Tax time is almost upon us and there are some recent changes which will affect many Canadian residents. The important changes to keep in mind are as follows:
The Family Tax Cut
This is the watered down version of income splitting plan that was introduced by the Harper government in 2011. The provisions allow couples with children under the age of 18 living with them to shift income from a higher income spouse to a lower income spouse so that the combined taxes payable will be reduced. The most that can be taxed in the lower-income spouse’s hands is $50,000 resulting in a federal non-refundable tax credit which will provide maximum savings of $2,000.
Increases in Child Related Expenses
Parents have also benefited from increases in the following:
The Expansion of the “Kiddie” Tax
Originally introduced in 2000, the kiddie tax was designed to eliminate the tax savings created by the splitting of certain types of income (most commonly dividend income from a private corporation) with children under the age of 18. The Federal Budget in 2014 has expanded the definition of split income exposed to the kiddie tax to include business and rental income that is paid by a third party to a minor. If the minor’s relatives perform an income generating function or has ownership in a partnership interest for this purpose the kiddie tax will now apply.
Foreign Account Tax Compliance (FATCA)
This U. S Legislation came into effect July 1, 2014 and requires the CRA to inform the Internal Revenue Service about the financial accounts of any U.S. person living in Canada. For these individuals, there is a possibility that they may be required to pay tax in the US especially with the new Medicare surtax on net investment income. As a result of FATCA there has been an appreciable increase in the amount of disclosure documentation for US persons living in Canada.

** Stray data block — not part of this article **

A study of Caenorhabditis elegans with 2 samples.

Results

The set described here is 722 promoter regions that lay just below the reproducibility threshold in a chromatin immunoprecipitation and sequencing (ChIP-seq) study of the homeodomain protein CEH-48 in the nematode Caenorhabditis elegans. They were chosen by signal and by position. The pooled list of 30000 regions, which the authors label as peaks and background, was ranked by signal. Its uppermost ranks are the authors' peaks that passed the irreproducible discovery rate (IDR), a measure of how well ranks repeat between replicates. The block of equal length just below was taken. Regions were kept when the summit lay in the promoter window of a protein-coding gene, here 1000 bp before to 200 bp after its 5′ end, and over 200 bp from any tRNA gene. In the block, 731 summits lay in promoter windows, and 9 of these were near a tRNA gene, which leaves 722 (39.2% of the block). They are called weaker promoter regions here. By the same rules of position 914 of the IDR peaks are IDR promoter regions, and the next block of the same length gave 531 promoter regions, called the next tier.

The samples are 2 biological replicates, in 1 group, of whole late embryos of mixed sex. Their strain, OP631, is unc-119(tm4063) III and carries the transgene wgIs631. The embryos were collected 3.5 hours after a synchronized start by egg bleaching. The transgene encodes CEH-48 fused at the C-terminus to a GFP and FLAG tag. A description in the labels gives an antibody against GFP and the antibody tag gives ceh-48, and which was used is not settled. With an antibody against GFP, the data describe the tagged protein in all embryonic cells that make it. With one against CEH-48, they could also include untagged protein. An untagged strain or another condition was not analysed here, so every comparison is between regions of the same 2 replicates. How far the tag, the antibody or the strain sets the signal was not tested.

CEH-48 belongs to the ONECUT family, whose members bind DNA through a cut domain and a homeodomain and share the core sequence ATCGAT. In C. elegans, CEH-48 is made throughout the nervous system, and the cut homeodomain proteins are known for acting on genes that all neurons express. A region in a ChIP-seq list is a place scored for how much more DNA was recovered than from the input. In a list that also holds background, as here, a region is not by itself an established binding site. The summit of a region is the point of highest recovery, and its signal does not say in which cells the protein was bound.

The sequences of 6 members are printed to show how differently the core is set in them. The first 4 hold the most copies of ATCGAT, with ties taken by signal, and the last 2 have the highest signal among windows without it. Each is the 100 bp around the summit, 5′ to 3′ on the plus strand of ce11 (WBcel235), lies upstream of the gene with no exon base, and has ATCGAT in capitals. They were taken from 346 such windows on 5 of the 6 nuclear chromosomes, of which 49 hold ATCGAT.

Canada Revenue Agency Revised Form T1135
Effective with 2014, taxpayers must now provide significantly more information about their foreign property. Form T1135 must be filed by Canadian residents, corporations and trusts who during the year owned specific foreign property having an adjusted cost base of more than $100,000. Filing is also required by partnerships that hold specified foreign property with an ACB of more than $100,000 where the non-resident member’s share of income or loss is less than 90% during the reporting period. If you are required to file Form T1135 be sure to review what Specified Foreign Property includes and what must be reported.
Changes to Testamentary Trusts
Since 1971 a Testamentary Trust has been an effective vehicle for estate planning due to the fact that these trusts currently enjoy graduated rates of tax in the same way that an individual taxpayer does. Testamentary Trusts are created by Will and become effective when the testator dies. Inter-vivos trusts which are created during an individual’s lifetime are taxed at the top marginal rate in the province in which the trust resides. This will change on January 1, 2016 when Testamentary Trusts will no longer enjoy preferential income tax treatment but will be subject to tax at the highest marginal rate similar to inter-vivos trusts. This is a significant change and will necessitate careful planning before the effective date. There are limited exceptions such as trusts created for the benefit of an individual who is eligible for the disability tax credit. Also, graduated rates of taxation will continue to apply for 36 months after the date of death.
As a result of this change, it is expected that there will be an increase in the use of inter-vivos trusts, alter ego and joint partner trusts.
It is not easy to keep up with all the changes affecting income taxes and the documents that must be filed. These are just a few of the recent changes that could affect many Canadian taxpayers this year. It is recommended that you check with your accountant about other changes that could also affect you.